Cancers in Men
Cancer is a proliferation of cells. When cells begin to grow out of control in an area where more cells are not needed, then can come together and form a tumor. A tumor can be either benign or malignant. If it is cancer, it is malignant. But, even malignant tumors can be excised or reduced with treatment.
This is a cancer that gained more recognition with the diagnosis of bicyclist Lance Armstrong. The testes are the male reproductive glands that are housed in the scrotum. This is where sperm are created. Sperm, as you know, are the male sex cells.
The cancer can grow in one or both of the testes. There are three types of testicular cancer: stromal cell tumors, nonseminomas and seminomas. The causes are not known but this cancer has a survival rate of 95 percent when caught early.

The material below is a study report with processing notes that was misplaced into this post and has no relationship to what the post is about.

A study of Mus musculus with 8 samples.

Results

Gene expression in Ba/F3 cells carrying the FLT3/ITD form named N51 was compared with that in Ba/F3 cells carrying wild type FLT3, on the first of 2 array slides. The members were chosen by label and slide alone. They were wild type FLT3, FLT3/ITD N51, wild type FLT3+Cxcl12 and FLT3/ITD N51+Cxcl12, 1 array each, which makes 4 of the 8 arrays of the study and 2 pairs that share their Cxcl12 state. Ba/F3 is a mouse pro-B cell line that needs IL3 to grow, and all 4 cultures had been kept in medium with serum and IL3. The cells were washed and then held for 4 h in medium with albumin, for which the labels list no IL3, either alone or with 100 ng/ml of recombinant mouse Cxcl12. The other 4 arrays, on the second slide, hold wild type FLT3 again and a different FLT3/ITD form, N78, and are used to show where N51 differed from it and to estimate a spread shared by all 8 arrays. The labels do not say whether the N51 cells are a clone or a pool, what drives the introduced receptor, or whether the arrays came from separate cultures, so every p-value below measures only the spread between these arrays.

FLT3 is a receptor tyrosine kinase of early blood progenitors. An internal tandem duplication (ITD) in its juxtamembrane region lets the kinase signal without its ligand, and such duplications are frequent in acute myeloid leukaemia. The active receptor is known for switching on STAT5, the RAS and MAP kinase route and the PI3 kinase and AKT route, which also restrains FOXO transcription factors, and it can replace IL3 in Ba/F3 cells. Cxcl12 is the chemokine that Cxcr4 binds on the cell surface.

Risk factors include: race (Caucasian), age (25-35), family history and abnormal testicular development (undescended testicle for example). Self-exams are helpful for discovering lumps in the testicular area. You don’t have to make a special point of doing it; just be aware of any changes when you bathe.
The prostate is a small walnut-shaped gland that is found around the urethra. It can enlarge, causing urination to be painful or intermittent. This is called benign prostatic hypertrophy, or BPH.
Prostate cancer is often diagnosed in men over the age of 55. Prostate screenings begin at the age of 50 along with colonoscopies. The risk factors include being African-American, having a family history of prostate cancer and also eating fatty foods.
It may begin with an enlarged prostate and move on from there. If you have pain or burning when urinating, or blood in the urine, see a doctor for blood work and a physical exam.
This cancer can affect women and men. It is actually the third most common cancer in both. Colonoscopies are used to identify polyps early on so that they do not develop into a malignant spreading cancer. Early detection is the key.